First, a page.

Staff reflect on Start Early’s parental leave program and share the benefits their paid leave had on their family and child’s development at home.

March 19, 2021
  • Start Early Stories

As a mother of twins who spent time in the NICU, Vehr shares, “I really cherish the time I was able to spend at home nurturing my babies so they could thrive in the way that all children deserve.”


Bridget Byville, vice president of Development, and another recent mother at Start Early recalls how her parental leave helped get her son to a place where he was healthy and thriving. “My parental leave helped us get into the cadence of being a family and creating those social emotional connections that we needed. It was especially beneficial for creating a bond with this tiny human — who is very fragile — and it gave me time to focus on my health and well-being post labor,” she shares.

Caregiver holding babyIndeed, research has found that paid family leave leads to a wealth of benefits related to child development and child and caregiver health. One recent study found that paid leave was linked to better language, cognitive and social emotional outcomes in toddlers regardless of socioeconomic status and fewer infant behavior problems. Research also suggests that parental leave — especially paid leave — can support children’s health during this critical window, including positively affecting breastfeeding rates and duration, reducing the risk of infant mortality, and increasing the likelihood of infants receiving well-baby care and vaccinations.

The benefits that paid leave produces for young children and their families have not only compelled Start Early to advocate for policies that increase access to paid leave but has compelled our organization to adopt our own paid leave policies, including providing up to 6 months of paid maternity, paternity or adoption leave for employees.

The U.S. is one of only eight countries that does not offer paid leave, forcing parents to cobble together paid personal time, sick leave and short-term disability, if available or feasible. As a result, the average maternity leave in the U.S. is about 10 weeks.

“When you invest in your people, they invest back in the organization which ultimately leads to increased retention. I feel a much stronger sense of loyalty to Start Early because of the space they made for my family.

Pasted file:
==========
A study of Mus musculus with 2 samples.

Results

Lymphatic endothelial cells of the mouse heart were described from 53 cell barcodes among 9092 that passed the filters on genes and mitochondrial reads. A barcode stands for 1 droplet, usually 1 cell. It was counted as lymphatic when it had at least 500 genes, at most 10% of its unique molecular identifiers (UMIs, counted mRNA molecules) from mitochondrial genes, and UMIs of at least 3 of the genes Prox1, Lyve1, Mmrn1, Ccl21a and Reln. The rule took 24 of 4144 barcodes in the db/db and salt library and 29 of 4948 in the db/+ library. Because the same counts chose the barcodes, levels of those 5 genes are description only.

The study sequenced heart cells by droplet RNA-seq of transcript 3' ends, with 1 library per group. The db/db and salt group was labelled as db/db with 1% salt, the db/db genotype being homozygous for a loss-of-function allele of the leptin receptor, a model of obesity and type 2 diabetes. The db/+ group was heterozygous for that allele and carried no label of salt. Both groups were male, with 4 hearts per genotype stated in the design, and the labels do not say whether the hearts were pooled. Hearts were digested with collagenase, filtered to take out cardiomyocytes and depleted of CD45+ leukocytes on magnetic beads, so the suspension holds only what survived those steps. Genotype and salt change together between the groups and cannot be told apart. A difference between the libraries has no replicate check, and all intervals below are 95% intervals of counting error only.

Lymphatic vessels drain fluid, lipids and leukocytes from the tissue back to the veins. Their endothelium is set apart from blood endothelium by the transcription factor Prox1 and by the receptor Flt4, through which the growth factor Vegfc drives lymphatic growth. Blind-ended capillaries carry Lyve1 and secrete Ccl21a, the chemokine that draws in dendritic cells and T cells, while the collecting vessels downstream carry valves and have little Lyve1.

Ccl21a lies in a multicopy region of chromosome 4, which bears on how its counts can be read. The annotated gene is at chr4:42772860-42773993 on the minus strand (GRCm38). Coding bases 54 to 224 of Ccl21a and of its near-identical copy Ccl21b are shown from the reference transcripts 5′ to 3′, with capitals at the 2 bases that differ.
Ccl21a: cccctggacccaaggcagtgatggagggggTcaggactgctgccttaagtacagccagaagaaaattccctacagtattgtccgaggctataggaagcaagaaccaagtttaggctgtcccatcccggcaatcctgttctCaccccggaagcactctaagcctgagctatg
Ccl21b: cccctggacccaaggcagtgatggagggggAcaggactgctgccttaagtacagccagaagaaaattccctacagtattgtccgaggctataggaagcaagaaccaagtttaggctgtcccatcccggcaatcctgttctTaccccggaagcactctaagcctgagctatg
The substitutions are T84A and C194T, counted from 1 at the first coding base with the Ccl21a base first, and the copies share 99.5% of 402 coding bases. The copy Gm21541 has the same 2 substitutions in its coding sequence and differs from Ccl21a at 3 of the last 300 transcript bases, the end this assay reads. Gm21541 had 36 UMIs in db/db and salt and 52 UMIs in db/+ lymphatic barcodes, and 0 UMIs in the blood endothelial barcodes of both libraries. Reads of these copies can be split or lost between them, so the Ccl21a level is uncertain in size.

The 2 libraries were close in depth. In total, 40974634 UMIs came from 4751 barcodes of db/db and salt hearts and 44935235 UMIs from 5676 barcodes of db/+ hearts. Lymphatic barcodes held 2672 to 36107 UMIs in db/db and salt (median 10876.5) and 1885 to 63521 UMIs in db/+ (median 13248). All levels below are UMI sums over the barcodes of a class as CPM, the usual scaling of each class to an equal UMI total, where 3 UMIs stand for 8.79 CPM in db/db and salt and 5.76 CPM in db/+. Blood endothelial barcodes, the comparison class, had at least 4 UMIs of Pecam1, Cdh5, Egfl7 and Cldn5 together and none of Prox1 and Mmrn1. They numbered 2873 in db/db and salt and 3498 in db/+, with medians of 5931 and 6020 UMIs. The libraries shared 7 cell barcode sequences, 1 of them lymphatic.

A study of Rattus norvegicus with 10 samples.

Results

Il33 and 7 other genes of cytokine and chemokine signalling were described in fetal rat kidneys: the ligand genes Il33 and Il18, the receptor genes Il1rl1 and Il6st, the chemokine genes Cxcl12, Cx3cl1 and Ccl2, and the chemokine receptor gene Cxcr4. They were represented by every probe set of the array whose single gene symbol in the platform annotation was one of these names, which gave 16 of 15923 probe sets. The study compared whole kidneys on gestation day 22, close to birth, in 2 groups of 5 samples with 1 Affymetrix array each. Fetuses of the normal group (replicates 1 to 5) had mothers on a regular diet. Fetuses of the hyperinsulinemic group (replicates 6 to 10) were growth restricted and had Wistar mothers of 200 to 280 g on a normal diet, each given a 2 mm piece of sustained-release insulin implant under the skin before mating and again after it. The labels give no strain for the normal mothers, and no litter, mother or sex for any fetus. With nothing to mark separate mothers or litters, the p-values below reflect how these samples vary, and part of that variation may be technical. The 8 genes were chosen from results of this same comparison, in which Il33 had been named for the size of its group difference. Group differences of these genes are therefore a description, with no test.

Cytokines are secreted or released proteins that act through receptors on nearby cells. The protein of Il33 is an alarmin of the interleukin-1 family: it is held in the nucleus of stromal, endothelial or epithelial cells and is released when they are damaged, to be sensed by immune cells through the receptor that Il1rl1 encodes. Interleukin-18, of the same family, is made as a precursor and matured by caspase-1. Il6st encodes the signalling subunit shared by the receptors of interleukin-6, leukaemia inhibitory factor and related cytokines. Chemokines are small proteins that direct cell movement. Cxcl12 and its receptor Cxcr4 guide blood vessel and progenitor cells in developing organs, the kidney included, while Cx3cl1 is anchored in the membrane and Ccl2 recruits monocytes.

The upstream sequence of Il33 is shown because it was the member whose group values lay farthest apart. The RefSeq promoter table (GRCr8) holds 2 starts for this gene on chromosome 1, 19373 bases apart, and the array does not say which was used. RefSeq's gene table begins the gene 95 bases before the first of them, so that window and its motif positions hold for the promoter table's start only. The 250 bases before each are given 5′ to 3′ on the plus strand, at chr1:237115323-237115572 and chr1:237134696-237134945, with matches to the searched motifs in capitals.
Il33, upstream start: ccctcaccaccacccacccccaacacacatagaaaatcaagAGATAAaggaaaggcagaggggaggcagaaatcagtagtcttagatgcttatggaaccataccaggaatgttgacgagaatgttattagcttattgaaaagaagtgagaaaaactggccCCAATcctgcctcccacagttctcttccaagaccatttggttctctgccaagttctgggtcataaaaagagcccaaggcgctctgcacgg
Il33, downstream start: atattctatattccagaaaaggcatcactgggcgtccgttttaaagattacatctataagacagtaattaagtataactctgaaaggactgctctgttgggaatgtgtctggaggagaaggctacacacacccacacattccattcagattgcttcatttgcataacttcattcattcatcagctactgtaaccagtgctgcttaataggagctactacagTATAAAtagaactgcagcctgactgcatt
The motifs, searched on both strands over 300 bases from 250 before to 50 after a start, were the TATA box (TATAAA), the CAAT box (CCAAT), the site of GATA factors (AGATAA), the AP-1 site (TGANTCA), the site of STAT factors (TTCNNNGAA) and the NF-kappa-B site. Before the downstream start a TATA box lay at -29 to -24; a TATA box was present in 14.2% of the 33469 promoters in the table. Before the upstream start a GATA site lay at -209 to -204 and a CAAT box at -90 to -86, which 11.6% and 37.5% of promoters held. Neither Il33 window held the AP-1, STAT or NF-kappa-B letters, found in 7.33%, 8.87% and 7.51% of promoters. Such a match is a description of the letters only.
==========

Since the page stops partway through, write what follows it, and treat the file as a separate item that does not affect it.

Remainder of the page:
Bridget Byville, vice president of Development

Decreasing an employee’s salary and retirement savings opportunities at a time when their expenses are increasing causes high levels of stress, conditions that have been shown to negatively affect children’s growth and development. Start Early’s parental leave program also aligns with research evidence about the impact caregiver stress and access to high-quality healthcare has on young children by providing employees with 100% of their salary and benefits during parental leave.

“I was really one of the fortunate parents in the NICU,” says Vehr. “I think about mothers who have to return to work before they’ve fully healed or parents who are forced to return to work when their little ones are so very young because not receiving a paycheck is simply not an option.”

A comprehensive paid parental leave program can aid in retaining women in the workforce. One study from Institute for Women’s Policy Research found that implementing paid parental leave policies in California and New Jersey resulted in a 20 percent reduction in the number of women exiting their jobs in the first year after welcoming a child and up to a 50 percent reduction after 5 years.

“When you invest in your people, they invest back in the organization which ultimately leads to increased retention,” notes Byville. “I feel a much stronger sense of loyalty to Start Early because of the space they made for my family.”

Vehr agrees, “I feel a deeper sense of commitment to our organization and more cared for as an employee.” She adds, “it really calls on employers to consider a far more empathetic, humane approach to parental and family leave, and it also calls on our lawmakers to support employers with that aim.”

The benefits of paid parental leave set families, employers, and our communities up for success, which is why Start Early will continue to advocate for family-friendly policies that support time for parents and caregivers to bond with and care for their children without jeopardizing their ability to afford basic needs.